21 Following
Samara

Samara

Bird Box by Josh Malerman

I'm a huge fan of Hugh Howey's Wool series, so when I saw that he had written a glowing endorsement for Bird Box, I was intrigued. Howey's blurb calls Josh Malerman's debut supernatural/psychological horror novel a book "to be read in a single sitting", a sentiment I whole-heartedly agree with now that I’ve had a chance to read it myself.

Bird Box is most enjoyable when read with as few interruptions as possible.  Each time I was forced to put the book down, I found myself worrying about the fates of various characters, many of whom - thanks to two alternating timelines - we know are most likely dead by the time the we are introduced to Mallory and the children.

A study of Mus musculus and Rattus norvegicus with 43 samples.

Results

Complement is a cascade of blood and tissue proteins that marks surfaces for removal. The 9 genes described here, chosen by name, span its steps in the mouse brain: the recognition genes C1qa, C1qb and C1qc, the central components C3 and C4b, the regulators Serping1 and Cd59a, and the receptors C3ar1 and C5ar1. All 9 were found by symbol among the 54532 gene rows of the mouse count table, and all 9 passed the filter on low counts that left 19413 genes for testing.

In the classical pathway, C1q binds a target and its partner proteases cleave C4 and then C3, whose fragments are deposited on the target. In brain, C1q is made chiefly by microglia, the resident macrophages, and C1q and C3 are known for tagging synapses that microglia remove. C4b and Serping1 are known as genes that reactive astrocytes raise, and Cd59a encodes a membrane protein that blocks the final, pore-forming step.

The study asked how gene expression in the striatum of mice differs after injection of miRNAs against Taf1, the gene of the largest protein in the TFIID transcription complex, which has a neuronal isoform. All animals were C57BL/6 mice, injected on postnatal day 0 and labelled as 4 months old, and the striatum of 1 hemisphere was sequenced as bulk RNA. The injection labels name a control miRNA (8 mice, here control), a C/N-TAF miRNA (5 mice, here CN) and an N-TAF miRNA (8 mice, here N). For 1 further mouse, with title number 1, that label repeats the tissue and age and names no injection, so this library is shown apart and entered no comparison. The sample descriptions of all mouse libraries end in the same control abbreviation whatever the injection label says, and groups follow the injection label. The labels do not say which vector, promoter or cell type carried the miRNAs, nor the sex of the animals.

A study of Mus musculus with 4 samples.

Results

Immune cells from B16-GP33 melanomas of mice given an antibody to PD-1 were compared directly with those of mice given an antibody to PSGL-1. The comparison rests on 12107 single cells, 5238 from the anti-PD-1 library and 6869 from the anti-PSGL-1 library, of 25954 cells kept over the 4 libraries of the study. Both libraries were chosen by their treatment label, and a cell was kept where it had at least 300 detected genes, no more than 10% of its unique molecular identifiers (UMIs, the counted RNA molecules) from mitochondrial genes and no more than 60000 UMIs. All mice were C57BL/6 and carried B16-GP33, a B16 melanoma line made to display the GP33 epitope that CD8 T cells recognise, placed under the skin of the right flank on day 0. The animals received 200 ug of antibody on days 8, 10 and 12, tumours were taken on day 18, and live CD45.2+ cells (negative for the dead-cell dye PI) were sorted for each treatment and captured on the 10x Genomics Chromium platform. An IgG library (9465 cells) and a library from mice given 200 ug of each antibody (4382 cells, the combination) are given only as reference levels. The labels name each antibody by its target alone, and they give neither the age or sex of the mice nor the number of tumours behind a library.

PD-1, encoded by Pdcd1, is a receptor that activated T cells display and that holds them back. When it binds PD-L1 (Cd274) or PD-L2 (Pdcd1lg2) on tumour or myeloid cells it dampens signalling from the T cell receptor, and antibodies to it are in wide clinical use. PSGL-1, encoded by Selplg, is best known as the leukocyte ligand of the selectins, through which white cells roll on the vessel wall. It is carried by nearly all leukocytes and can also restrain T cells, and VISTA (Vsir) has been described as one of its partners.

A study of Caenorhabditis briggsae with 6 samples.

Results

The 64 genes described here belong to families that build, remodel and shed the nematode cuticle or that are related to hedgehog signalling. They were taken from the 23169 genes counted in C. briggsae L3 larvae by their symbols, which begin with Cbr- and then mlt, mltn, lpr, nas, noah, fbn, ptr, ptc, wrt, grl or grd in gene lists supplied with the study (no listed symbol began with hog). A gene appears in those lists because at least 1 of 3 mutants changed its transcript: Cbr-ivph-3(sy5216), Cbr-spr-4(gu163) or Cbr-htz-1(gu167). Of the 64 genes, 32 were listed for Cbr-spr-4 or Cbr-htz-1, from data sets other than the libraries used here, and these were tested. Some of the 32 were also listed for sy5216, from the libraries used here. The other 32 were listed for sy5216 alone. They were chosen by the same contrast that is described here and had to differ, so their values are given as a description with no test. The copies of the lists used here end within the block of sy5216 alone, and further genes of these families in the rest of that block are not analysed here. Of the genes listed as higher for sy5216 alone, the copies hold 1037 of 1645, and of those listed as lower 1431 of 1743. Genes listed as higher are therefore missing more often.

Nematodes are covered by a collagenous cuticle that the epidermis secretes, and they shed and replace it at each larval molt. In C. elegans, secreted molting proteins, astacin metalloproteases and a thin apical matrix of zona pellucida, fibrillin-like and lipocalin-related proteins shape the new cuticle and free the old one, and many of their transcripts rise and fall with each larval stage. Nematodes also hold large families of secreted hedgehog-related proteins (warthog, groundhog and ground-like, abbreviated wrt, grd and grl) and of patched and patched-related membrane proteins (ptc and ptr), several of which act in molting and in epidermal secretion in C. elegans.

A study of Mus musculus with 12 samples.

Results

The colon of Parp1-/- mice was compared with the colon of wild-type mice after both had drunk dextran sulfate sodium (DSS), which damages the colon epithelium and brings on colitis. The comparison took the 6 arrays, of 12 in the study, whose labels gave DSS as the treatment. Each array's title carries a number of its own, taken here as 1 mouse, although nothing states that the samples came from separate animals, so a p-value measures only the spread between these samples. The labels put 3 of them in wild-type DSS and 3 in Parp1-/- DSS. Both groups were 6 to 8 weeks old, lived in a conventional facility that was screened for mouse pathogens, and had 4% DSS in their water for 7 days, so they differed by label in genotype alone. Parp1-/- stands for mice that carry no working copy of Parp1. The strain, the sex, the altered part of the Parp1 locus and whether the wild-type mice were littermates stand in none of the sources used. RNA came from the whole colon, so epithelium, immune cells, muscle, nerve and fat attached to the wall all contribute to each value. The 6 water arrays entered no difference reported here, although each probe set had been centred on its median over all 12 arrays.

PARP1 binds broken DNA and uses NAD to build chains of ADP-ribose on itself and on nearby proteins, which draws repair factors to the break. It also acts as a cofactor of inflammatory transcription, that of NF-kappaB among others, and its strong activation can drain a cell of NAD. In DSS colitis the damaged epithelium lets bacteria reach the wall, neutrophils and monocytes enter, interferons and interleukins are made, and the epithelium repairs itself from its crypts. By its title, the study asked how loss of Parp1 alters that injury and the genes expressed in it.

Malerman’s premise is simple, but clever, and unlike anything I’ve encountered before (although comparisons to M. Night Shyamalan’s movie The Village came to mind while I was reading).  The idea of being tormented by creatures that may or may not be figments of our imaginations plays to humanity’s primitive fear of the dark, reminding us that sometimes it’s the things we can’t see that are the most frightening.

What makes the book work is the constant fear that at any moment, someone might slip up and do something we all take for granted: LOOK.  It will have you thinking about how much we rely on sight – in the world Malerman describes, something as mundane as a walk around the block becomes a harrowing journey from which we may never find our way home.

Bird Box is one of the best psychological horror novels I’ve read in recent years.  It’s definitely one of the most fun.  Malerman effectively builds the suspense over the course of the book's 250 pages - a perfect length for a story of this type as there in no filler -, culminating in a nail-biting climax that kept me awake until the early hours of the morning.

I highly recommend it for anyone who likes being thoroughly creeped out.